Milwaukee Journal Sentinel, September 16, 2012



Jon M. Gilbertson

For Elvis Costello devotees, there will always be at least a hint of disappointment with his live appearances, because the man has written so many excellent songs in 35 years that no single show can possibly include all the fan favorites (or even one fan's favorites).

So in that sense, Costello's gig at the BMO Harris Pavilion at Maier Festival Park Saturday night was a disappointment. In most other senses, it was another instance of how much and how well he and his work have aged.

As if at first defying his age, though, Costello tore through four songs in the first 10 minutes.

And it wasn't as if the songs blended together: The articulately spat anger of "Lipstick Vogue," the desperate hope of "Heart of the City" (by Costello's friend Nick Lowe), the confused frustration of "Mystery Dance" and the carnival commentary of "Radio Radio" required shifts both subtle and crude.

Costello got away with the shifts thanks largely to his reliable backing band, the Imposters, which was actually two members of his old band, the Attractions, plus a relative newcomer.

Drummer Pete Thomas simultaneously held down the fort and led the galloping charge, keyboardist Steve Nieve laid in fills and color without overwhelming the basic tune, and bassist Davey Faragher not only solidified the rhythms but also sweetened Costello's guitar and voice.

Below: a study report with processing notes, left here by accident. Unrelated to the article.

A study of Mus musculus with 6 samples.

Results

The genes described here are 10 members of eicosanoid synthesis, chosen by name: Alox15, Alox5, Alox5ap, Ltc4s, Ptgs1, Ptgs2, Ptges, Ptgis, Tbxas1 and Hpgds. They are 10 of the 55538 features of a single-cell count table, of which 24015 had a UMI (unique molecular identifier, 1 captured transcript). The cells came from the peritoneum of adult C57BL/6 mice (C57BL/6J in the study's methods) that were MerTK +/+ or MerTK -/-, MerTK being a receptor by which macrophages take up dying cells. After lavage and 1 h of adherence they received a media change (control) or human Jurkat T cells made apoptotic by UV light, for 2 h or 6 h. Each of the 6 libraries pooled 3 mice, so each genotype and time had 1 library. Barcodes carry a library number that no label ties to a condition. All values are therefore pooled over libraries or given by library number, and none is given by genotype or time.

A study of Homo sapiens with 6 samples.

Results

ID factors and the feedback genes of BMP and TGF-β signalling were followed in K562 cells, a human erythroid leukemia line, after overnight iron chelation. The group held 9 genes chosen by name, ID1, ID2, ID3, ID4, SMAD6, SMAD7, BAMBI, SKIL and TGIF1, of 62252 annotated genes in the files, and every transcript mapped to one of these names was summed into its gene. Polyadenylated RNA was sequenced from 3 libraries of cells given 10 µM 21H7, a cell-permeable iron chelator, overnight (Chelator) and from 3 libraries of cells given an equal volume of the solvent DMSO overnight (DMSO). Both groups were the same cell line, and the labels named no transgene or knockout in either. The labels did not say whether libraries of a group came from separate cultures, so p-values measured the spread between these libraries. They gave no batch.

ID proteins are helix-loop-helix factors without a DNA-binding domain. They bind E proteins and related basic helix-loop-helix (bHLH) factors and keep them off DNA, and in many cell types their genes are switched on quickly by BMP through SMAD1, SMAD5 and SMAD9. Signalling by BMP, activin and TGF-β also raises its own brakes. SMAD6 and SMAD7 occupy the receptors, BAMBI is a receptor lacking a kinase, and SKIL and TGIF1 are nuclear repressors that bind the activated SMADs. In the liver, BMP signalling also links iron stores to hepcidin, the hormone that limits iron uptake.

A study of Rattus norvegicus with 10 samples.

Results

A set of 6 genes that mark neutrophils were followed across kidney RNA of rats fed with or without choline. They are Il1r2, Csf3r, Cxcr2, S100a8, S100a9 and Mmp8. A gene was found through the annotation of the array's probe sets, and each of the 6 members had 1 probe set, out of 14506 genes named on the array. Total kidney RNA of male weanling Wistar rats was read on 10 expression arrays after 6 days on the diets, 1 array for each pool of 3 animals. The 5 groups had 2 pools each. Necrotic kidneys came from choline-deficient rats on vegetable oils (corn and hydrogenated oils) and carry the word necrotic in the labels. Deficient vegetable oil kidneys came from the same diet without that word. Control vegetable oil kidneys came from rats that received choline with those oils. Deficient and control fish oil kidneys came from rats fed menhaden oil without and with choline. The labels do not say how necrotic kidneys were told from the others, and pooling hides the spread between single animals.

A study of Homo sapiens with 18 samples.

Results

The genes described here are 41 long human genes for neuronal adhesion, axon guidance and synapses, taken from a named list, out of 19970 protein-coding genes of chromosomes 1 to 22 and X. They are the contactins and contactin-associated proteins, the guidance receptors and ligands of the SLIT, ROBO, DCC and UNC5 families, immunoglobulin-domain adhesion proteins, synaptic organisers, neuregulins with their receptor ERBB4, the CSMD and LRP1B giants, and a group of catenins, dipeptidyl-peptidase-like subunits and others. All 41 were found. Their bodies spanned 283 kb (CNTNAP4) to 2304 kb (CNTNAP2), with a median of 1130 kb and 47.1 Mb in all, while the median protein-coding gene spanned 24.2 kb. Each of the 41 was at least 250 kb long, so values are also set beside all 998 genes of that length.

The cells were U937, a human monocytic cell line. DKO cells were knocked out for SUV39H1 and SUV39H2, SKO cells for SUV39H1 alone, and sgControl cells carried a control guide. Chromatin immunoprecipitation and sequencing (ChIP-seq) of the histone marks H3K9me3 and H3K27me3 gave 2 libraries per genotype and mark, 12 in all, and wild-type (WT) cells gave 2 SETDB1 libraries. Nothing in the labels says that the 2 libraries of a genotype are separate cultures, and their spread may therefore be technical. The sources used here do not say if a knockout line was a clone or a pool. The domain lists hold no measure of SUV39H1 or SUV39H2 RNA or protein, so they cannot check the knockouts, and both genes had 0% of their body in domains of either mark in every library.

About that last thing: Never a technically beautiful instrument, Costello's voice has lost some range and intensity over the decades, and as Saturday's set went on, it lost a little more, but in general he deftly phrased around his limitations, whether exploring the lounge-lizard dissipation of "Clubland" or two-stepping through Johnny Cash's "Cry Cry Cry."

He also was sometimes content to let the attendees handle the more taxing moments, such as the high moans on Lowe's "(What's So Funny 'Bout) Peace, Love and Understanding," and he more or less fumbled the entire second verse of his own "Pump It Up."

Yet by the time he and the Imposters polished the night off with a raggedly enjoyable turn on the Byrds' "So You Want to Be a Rock 'n' Roll Star," Costello had provided energetic satisfaction to the crowd (which filled perhaps half the venue's capacity), even if he hadn't hit the top choice on everyone's personal set list.



Jon M. Gilbertson reviews Elvis Costello and The Imposters, Saturday, September 15, 2012, Summerfest, Maier Festival Park, Milwaukee, WI.